Of late, many political observers have expressed alarm about how deep the “rot” has seeped into many aspects of Malaysian life, including the country’s institutions of governance.
The latest alarm bell is the drop of five places to 62nd out of 180 countries in Transparency International’s ranking of the cleanest nations.
This rot did not take place overnight. It is something that has been growing over the years – no, decades.
It is difficult to pinpoint exactly when the rot in Malaysia began. But it was already apparent by the mid-1980s.
In 1981, the “two M’s” rode into power – Dr Mahathir Mohamad as Prime Minister and Musa Hitam as his deputy – on a wave of optimism. Mahathir indicated he would discard the draconian Internal Security Act, which allowed detention without charge, and the government released almost 170 detainees.
Five years later, in February 1986, Musa shocked many when he suddenly resigned. The mood had soured.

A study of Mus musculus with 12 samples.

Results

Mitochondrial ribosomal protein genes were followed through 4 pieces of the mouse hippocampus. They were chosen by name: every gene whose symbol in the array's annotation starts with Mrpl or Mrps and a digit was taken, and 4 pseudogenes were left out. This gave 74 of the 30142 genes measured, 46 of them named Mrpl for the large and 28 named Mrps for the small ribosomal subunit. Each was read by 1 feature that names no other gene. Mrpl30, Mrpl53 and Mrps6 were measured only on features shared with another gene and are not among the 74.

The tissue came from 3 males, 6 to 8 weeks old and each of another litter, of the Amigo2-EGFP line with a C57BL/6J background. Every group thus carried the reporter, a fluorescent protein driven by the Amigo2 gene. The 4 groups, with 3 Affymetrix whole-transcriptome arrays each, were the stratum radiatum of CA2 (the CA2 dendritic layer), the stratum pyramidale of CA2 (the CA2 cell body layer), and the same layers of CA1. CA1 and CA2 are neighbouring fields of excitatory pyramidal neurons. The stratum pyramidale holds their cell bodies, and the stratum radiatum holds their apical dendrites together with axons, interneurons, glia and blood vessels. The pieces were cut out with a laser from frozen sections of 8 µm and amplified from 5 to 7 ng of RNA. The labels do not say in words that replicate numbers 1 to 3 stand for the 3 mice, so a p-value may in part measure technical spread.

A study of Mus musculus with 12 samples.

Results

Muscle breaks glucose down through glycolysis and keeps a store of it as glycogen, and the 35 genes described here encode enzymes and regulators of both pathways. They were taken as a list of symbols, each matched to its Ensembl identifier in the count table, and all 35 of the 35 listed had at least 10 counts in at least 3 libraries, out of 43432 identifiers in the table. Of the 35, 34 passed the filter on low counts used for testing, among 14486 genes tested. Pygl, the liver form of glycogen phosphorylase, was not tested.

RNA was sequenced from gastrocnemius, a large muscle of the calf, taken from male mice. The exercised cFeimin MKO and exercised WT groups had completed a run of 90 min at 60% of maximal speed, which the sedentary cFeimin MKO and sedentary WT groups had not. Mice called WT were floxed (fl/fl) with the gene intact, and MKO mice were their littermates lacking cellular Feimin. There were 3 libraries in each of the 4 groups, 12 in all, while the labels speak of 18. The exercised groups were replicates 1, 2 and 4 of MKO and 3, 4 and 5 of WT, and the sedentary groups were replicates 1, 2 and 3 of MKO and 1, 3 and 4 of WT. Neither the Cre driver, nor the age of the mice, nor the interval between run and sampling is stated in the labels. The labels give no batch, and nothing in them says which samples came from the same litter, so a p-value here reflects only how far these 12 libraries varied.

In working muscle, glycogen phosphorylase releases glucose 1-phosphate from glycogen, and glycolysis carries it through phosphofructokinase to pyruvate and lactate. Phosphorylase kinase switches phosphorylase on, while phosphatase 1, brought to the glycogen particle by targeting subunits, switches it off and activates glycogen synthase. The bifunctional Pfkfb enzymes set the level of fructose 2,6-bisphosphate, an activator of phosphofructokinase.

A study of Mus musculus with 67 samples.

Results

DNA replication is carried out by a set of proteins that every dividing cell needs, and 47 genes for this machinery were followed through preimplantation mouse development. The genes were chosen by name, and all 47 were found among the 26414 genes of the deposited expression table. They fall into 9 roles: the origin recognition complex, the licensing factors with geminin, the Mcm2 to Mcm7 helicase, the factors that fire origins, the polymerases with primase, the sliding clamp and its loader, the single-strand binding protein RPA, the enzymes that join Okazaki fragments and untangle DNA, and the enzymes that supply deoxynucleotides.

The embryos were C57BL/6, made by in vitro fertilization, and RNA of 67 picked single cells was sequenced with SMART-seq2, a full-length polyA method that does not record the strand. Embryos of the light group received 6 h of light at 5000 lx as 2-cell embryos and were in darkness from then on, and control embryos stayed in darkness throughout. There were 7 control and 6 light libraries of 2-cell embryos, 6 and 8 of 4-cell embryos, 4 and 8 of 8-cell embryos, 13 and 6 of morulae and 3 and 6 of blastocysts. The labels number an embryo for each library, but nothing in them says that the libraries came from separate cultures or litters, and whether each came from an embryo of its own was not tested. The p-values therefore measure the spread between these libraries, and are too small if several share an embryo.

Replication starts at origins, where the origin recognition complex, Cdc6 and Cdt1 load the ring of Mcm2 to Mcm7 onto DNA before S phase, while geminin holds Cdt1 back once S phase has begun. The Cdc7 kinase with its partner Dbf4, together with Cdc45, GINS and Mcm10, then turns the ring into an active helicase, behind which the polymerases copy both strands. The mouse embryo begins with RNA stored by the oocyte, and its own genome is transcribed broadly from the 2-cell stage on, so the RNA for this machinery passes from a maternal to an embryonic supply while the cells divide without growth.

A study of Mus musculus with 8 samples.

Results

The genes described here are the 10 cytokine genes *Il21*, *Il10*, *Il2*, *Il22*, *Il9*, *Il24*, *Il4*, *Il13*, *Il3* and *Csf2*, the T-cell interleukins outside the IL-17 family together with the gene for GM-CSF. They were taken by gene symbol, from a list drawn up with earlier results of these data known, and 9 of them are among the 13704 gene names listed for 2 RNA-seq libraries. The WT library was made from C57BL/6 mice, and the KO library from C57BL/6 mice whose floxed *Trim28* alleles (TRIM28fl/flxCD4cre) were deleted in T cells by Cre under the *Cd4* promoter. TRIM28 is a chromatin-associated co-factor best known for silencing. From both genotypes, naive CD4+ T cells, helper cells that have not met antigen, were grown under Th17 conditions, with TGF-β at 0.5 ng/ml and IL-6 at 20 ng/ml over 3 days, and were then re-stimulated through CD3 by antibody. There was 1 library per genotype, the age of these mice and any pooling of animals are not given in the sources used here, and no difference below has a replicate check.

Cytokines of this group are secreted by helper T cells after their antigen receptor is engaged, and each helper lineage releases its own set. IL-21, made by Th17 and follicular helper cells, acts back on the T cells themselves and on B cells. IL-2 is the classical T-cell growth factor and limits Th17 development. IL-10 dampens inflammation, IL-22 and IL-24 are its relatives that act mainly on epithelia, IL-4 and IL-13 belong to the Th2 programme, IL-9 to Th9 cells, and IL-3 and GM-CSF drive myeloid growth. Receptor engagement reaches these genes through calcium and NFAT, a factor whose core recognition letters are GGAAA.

By mid-1986, the Aliran team saw fit to publish an edition of Aliran Monthly, with “Stop The Rot” splashed on the cover. You may download the entire issue for free in a PDF file.
Read the cover story especially, to see how wide-ranging the rot was at the time: the BMF scandal, amendments to the Official Secrets Act, deteriorating ethnic relations, corruption scandals, ‘money politics’ among Barisan Nasional parties, selective action by the then Anti-Corruption Agency, and the buying of Sabah state assembly members (some things are hard to change – sigh!).
Many of these issues are depressingly familiar – a forerunner of what we are experiencing today. They set the stage for the dark years that followed: the Operation Lalang ISA crackdown in 1987 and the judicial crisis in 1988. The ISA crackdown on dissidents trampled on constitutional rights and freedom of speech, foreshadowing future attempts at suppressing the opposition and civil society. The sacking and suspension of top judges a year later struck at the heart of the judiciary, eroding the independence of this key institution.
It was clear to the Aliran team – ahead of the general election on 3 August 1986 – that something had to be done to “stop the rot”.
Today, as we prepare for another general election, that rallying cry will only grow louder.